While the airline has suggested and demonstrated improved on-time performance, it looks like there’s a more official fix in the works. Starting this January, the airline plans to alter its flight schedule to ease up on gate congestion and hopefully speed up flight turnover. This in addition to its current efforts to make the passenger experience even more “Flyer Friendly.”
Thank goodness. While we all know and love United as an airline, the constant delays and missed connections are getting old. Hopefully the new flight scheduling system makes an impact.
Social Quote of the Day
Hey, at least they finally are saying they need to improve on time performance to remain competitive. the way to fix a problem is to admit there is a problem. They have now admitted there is a problem and at least starting to do something to fix it.
United Says It Is Working Hard to Become More ‘Flyer-Friendly’: Despite years of substantial hiccups and challenges after its merger with Continental Airlines, United Airlines insists it is committed to delivering on the original promise of ‘the Friendly Skies.’ Read more at Skift
Lufthansa Offers Direct Booking Savings and Agents Aren’t Happy: As Lufthansa Group airlines get ready to charge more for bookings made outside direct channels, travel agents will end up passing the extra fee along to their clients. Read more at Skift
British Airways Is Keeping Its 747s Alive One Upgrade at a Time: If it’s the end of the line for Boeing Co.’s 747 jetliner, nobody told British Airways. Read more at Skift
Qantas Considers Bold Move Into Asia to Take on Low-Cost Carriers: Qantas Airways Ltd. has just posted its best profit result in seven years. Chief Executive Officer Alan Joyce must now decide whether to throw the cash at expansion in a region where competitors have lost $462 million over the last 12 months. Read more at Skift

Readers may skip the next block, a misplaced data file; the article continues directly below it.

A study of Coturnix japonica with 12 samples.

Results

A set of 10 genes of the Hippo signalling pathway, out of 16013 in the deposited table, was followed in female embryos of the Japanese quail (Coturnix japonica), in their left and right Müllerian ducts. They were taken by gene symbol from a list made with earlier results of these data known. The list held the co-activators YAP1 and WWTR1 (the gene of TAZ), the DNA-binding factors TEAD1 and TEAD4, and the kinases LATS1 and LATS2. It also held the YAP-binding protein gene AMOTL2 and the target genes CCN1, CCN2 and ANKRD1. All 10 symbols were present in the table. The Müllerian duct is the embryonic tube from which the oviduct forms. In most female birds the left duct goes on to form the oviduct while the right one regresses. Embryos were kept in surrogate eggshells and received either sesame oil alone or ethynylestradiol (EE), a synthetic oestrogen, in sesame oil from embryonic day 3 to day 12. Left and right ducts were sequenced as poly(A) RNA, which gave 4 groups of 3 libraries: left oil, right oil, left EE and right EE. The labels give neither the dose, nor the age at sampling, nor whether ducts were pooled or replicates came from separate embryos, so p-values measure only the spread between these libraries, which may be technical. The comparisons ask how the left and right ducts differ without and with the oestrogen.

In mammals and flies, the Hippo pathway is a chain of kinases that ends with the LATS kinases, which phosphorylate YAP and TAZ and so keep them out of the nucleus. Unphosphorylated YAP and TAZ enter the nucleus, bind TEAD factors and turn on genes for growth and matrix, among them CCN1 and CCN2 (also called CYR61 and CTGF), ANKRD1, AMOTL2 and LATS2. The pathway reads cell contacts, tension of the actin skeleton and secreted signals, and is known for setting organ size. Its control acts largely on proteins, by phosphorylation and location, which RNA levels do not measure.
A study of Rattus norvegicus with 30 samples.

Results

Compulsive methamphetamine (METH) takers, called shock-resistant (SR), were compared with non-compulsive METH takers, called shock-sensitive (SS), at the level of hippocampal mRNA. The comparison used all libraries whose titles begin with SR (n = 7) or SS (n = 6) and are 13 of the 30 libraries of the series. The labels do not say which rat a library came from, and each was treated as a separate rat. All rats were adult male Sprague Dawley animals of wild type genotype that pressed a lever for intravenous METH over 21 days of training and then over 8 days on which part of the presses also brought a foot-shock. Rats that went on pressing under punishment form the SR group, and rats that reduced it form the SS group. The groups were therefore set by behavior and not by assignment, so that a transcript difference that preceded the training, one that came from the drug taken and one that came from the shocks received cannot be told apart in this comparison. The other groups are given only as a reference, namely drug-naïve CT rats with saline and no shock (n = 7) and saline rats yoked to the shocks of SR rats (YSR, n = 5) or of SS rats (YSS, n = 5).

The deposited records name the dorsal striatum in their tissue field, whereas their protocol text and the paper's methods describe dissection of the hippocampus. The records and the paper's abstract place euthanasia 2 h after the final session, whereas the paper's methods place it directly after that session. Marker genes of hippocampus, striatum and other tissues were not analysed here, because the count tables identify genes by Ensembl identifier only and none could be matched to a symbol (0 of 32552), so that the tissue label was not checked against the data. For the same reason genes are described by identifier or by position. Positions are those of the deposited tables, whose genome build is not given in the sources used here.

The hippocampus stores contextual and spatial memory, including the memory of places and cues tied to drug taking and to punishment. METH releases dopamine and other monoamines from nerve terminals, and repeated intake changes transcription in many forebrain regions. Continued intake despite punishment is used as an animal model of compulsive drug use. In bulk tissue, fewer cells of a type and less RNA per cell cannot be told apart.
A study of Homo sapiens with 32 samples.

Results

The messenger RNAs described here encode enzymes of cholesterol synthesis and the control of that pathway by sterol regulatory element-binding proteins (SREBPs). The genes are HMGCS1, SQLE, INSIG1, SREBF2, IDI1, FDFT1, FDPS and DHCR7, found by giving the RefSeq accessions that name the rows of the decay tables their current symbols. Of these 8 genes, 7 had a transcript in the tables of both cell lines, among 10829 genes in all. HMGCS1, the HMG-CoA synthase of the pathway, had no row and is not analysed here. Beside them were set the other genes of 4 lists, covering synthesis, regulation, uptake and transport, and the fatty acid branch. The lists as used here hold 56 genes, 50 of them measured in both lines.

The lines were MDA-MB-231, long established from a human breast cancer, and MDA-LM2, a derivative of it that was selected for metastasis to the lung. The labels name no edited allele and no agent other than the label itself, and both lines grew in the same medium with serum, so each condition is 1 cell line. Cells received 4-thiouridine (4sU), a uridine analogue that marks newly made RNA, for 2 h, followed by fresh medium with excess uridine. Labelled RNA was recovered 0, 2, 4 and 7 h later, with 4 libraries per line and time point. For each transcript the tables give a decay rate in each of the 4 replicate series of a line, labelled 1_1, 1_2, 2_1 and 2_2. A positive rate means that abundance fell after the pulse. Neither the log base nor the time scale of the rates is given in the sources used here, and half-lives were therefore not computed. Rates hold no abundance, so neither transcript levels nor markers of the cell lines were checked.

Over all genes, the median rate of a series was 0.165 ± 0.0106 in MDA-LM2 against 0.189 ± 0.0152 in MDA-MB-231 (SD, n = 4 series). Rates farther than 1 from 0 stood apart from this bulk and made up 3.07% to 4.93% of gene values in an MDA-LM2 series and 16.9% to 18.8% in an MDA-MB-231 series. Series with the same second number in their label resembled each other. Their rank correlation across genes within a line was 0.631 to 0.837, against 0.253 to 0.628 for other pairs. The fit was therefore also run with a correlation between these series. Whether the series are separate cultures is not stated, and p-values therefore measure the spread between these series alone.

The Small Airline Labor Battle That Threatens Service to Regional U.S. Airports: The Teamsters group representing pilots at Republic Airways is balking at allowing a vote on the company’s contract offer, deepening the rift between labor and management at the regional airline. Read more at Skift
Las Vegas Airport Thinks Growth Will Come From Abroad: Las Vegas plans to double the number of international gates at McCarran International Airport with the expectation that foreign travel to the destination will climb as officials seek out prized direct flights, particularly with Asia. Read more at Skift
20 Charts Showing Surprising Trends in Global Last-Minute Travel: People’s lives and schedules are often unpredictable and in many cases the days of planning travel several months in advance are long gone. Read more at Skift
Uber Hires Hackers Behind Jeep Takeover to Work With Security Team: Uber Technologies Inc. has hired the two computer-security engineers who hacked into a Jeep Cherokee, gaining control of the car’s steering, brakes and engine. Read more at Skift
Faster In-Flight Wi-Fi Coming Soon on a Global Level: Britain’s Inmarsat Plc said Friday’s expected launch of its third Global Xpress satellite will allow it to offer mobile broadband service to customers in the remotest regions, giving airline passengers the ability to stream movies and update social media on flights worldwide. Read more at Skift
Hotel Industry Gets Fee-Happy With Nightly Charges for Non-Smoking Rooms: There has been a lot of talk recently about various forms of hate-selling and upselling in the airline and car-rental industries and now, as ancillary fee revenue rises in the lodging industry, some hoteliers are getting increasingly aggressive. Read more at Skift
Virgin and Ace Hotels in One NOLA Neighborhood? It’s Happening: Virgin Hotels just received approval to bring their innovative ‘chambers’ and practical amenities to the Big Easy. Read more at Conde Nast Traveler
For Loyal Guests, Hotels Bring Back the House Call: In the hotel industry, customer relationship management has evolved to keeping notes on a regular guest’s favorite foods or room preference. But now some of the country’s most celebrated properties are reviving an old service for an even more personalized connection: the house call. Read more at The New York Times
Keith Bellows, the longtime editor of National Geographic Traveler, has passed. Read and pay tribute over at National Geographic.